Hey all, Dani here.
The pun-filled world of Pell returns in this second Tales of Pell novel, and I was definitely pleased as punch to be approved for this one on NetGalley, so thank you so much Del Ray for allowing me to read this humor filled adventure early. It was a blast. I will say, once again, that receiving a digital copy of this early did not influence my rating or review in any way. And I already picked up my own physical copy of this book as well, because I’ve had it on my to-buy list for a year now.
Okie dokie. Let’s just get started with the review.
Go big or go gnome. The New York Times bestselling authors of Kill the Farm Boy welcome you to the world of Pell, the irreverent fantasy universe that recalls Monty Python and Terry Pratchett.
War is coming, and it’s gonna be Pell.
On one side stand the gnomes: smol, cheerful, possessing tidy cardigans and no taste for cruelty.
On the other side sit the halflings, proudly astride their war alpacas, carrying bags of grenades and hungry for a fight. And pretty much anything else.
It takes only one halfling bomb and Offi Numminen’s world is turned upside down—or downside up, really, since he lives in a hole in the ground. His goth cardigans and aggressive melancholy set him apart from the other gnomes, as does his decision to fight back against their halfling oppressors. Suddenly Offi is the leader of a band of lovable misfits and outcasts—from a gryphon who would literally kill for omelets to a young dwarf herbalist who is better with bees than with his cudgel to an assertive and cheerful teen witch with a beard as long as her book of curses—all on a journey to the Toot Towers to confront the dastardly villain intent on tearing Pell asunder. These adventurers never fit in anywhere else, but as they become friends, fight mermaids, and get really angry at this one raccoon, they learn that there’s nothing more heroic than being yourself.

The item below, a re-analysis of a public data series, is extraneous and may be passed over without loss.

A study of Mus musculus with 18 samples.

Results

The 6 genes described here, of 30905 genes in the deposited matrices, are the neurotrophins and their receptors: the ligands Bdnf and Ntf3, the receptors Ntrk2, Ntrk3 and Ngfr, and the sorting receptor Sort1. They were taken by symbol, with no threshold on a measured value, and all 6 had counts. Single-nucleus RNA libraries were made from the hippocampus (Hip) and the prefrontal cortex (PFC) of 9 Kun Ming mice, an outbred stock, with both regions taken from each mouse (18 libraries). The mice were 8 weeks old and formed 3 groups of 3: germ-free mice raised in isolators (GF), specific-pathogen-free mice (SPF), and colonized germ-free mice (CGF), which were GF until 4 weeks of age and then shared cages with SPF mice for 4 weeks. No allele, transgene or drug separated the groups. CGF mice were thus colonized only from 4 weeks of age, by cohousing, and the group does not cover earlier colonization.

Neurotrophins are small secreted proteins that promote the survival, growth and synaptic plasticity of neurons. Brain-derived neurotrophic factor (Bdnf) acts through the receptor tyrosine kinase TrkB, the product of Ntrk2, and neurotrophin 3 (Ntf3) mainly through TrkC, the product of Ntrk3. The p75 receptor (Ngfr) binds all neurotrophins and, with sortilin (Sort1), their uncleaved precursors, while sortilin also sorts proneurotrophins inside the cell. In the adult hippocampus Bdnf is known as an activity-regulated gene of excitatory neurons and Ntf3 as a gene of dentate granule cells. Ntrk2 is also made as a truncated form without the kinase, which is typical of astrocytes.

In No Country for Old Gnomes, Delilah S. Dawson and Kevin Hearne lovingly tweak the tropes of fantasy and fairy tales. Here you’ll find goofy jokes and whimsical puns, but you’ll also find a diverse, feminist, and lighthearted approach to fantasy that will bring a smile to your face and many fine cheeses to your plate.
Rating: 4 stars
Pell is a punny place, and I do so enjoy reading about the adventures here. The characters are fun and weird. Come on, Offi the gnome is a goth gnome, and that’s just amusing. Gern the gryphon is amusing, and allows the authors to use and abuse weird spellings and an overabundance of umlats.
I still really enjoyed the story, but it had lost a little of the novelty that I found with the first book.
Honestly though, the chapter title alone make this a story worth reading.
Oh, and fun fact…you don’t have to read Kill the Farm Boy in order to read this one. There are a few characters from that first one who make brief appearances in this one, but nothing that happens is really a big spoiler or anything. While yes, I recommend reading Farm Boy before Old Gnomes, it isn’t necessary.
I don’t know if The Princess Beard will be the final Tale of Pell, or if there is the possibility for more, but I do know that these light-hearted but at the same time heart-warming stories are definitely worth the read.